NCAA Reduces Penn State Penalties, but Does It Matter?

Published on 24-Sep-2013 by Stacey Mickles
Football - NCAA / NCAA Football Daily Update

PSU head coach Bill O'Brian

In a move that many of my brethren in the media called for, the NCAA reduced its penalties imposed on Penn State in the wake of the Sandusky scandal.

The Nittany Lion football program will now be able to get its full allotment of 85 scholarships by 2016. It will be a slow and gradual build up over the next few years to get back there, but my question is, does it matter?

"Obviously, we're able to sign some more guys and have a roster of 75 scholarship players next year," head coach Bill O'Brien said. "So things will change, and we'll see how things go.

I know many media members screamed and hollered how horrible the sanctions were against Penn State, but let's be truthful here. It could have and should have been worse.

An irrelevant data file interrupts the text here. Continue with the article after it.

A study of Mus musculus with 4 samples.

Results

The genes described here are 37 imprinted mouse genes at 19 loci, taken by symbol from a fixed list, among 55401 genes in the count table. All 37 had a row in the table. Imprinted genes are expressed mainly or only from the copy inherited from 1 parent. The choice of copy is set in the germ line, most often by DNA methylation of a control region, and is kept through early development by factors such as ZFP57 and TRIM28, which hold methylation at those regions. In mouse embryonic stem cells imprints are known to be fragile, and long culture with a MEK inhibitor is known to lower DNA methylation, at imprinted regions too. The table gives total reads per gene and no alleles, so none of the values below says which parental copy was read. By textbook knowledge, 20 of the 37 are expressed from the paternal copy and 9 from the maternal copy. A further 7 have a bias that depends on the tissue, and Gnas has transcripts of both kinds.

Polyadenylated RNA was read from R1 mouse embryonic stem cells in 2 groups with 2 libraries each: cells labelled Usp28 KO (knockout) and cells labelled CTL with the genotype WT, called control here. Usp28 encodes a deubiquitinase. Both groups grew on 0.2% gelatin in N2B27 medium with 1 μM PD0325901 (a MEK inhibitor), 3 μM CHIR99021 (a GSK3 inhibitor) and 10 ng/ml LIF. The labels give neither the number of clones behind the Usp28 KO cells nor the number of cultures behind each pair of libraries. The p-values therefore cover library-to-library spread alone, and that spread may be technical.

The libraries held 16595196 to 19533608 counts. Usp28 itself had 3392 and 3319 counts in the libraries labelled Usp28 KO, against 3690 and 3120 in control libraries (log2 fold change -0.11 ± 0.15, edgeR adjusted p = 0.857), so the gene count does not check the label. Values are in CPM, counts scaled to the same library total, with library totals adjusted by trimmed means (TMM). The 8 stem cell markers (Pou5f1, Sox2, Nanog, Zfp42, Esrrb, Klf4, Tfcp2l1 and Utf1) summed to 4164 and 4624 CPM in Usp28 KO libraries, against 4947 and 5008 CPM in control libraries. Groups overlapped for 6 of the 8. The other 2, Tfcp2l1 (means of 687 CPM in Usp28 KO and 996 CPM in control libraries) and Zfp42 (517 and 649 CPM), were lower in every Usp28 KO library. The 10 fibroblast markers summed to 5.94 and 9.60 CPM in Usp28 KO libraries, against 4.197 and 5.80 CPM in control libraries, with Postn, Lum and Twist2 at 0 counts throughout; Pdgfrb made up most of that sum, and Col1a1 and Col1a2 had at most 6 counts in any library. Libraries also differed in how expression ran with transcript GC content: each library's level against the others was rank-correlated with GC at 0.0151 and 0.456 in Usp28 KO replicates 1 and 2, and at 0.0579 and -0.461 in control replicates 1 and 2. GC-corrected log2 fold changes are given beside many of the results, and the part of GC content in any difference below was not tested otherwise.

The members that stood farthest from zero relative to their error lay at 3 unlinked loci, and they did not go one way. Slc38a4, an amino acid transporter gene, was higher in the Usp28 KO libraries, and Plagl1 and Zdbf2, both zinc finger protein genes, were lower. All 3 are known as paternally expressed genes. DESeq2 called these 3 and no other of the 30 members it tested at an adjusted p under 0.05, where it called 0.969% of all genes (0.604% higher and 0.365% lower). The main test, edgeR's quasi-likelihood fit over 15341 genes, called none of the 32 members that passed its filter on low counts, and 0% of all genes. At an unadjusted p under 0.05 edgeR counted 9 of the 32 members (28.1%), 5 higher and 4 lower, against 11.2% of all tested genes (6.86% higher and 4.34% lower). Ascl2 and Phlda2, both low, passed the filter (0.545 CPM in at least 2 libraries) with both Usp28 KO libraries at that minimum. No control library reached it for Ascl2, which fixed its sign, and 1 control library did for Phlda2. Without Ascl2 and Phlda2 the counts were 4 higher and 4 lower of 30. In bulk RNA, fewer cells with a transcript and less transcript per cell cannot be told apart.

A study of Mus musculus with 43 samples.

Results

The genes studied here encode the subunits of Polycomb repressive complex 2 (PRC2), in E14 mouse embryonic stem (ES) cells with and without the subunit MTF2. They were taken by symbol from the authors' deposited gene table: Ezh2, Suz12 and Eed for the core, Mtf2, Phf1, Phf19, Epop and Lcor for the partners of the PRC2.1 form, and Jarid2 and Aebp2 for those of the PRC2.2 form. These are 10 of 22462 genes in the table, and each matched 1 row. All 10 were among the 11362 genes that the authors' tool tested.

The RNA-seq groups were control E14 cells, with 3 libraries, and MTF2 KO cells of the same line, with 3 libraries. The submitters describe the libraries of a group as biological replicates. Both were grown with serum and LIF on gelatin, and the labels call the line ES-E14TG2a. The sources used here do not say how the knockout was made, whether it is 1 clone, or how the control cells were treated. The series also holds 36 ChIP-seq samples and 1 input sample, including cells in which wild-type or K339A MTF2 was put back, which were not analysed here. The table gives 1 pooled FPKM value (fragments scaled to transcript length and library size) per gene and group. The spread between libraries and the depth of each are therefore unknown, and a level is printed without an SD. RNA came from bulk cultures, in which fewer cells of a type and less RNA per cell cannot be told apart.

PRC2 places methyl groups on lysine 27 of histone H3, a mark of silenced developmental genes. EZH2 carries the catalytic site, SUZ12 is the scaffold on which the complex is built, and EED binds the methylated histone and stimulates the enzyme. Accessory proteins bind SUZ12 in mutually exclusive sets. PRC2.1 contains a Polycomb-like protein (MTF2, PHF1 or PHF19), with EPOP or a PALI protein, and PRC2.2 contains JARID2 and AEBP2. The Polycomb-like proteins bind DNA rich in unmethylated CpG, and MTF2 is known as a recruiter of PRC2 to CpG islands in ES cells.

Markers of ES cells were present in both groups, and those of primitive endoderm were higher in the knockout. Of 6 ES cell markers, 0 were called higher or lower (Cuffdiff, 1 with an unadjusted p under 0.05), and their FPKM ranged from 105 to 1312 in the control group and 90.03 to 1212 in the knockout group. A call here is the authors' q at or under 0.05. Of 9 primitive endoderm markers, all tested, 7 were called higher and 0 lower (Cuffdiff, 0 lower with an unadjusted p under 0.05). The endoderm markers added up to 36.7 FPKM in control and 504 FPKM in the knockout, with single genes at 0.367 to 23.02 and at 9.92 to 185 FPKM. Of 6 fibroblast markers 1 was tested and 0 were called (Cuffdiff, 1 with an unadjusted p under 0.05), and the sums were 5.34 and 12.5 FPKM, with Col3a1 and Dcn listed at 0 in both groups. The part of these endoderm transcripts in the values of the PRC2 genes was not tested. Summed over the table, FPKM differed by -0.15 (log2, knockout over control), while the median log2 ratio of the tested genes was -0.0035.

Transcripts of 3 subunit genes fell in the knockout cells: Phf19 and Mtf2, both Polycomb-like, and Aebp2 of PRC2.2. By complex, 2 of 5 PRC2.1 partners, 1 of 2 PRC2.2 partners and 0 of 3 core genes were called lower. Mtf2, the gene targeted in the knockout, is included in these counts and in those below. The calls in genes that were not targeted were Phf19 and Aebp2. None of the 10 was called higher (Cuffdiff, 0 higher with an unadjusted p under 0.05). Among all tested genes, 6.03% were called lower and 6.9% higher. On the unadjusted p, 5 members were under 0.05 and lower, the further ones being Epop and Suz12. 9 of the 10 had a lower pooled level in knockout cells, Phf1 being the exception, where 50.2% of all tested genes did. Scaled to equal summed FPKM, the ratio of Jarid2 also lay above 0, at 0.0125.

This is not a pay-for-play situation or academic fraud. This was a major cover-up by a university and its head coach to protect a pedophile. 

Penn State was lucky that it wasn't hit with the death penalty, like SMU. That was a sanction that virtually destroyed SMU football. These sanctions only wounded PSU football. 

Another truth is that Penn State is not the Penn State of 20 years ago, when they were relevant in college football. So they get their scholarships back by 2016 and ...

It's going to take a while for the program to bounce back. It didn't happen for Alabama overnight when the Crimson Tide was hit hard by sanctions back in the late 90's and early 2000's. We're watching what's still happening at USC right now. So, it won't happen for PSU overnight, either, and it shouldn't.

The point of sanctions is to hurt your program. You aren't supposed to bounce back right away. And even if you do, the luster is off the program.

The 'mighty' Nittany Lions no longer exist. They haven't for a while, and NCAA sanctions had nothing to do with it.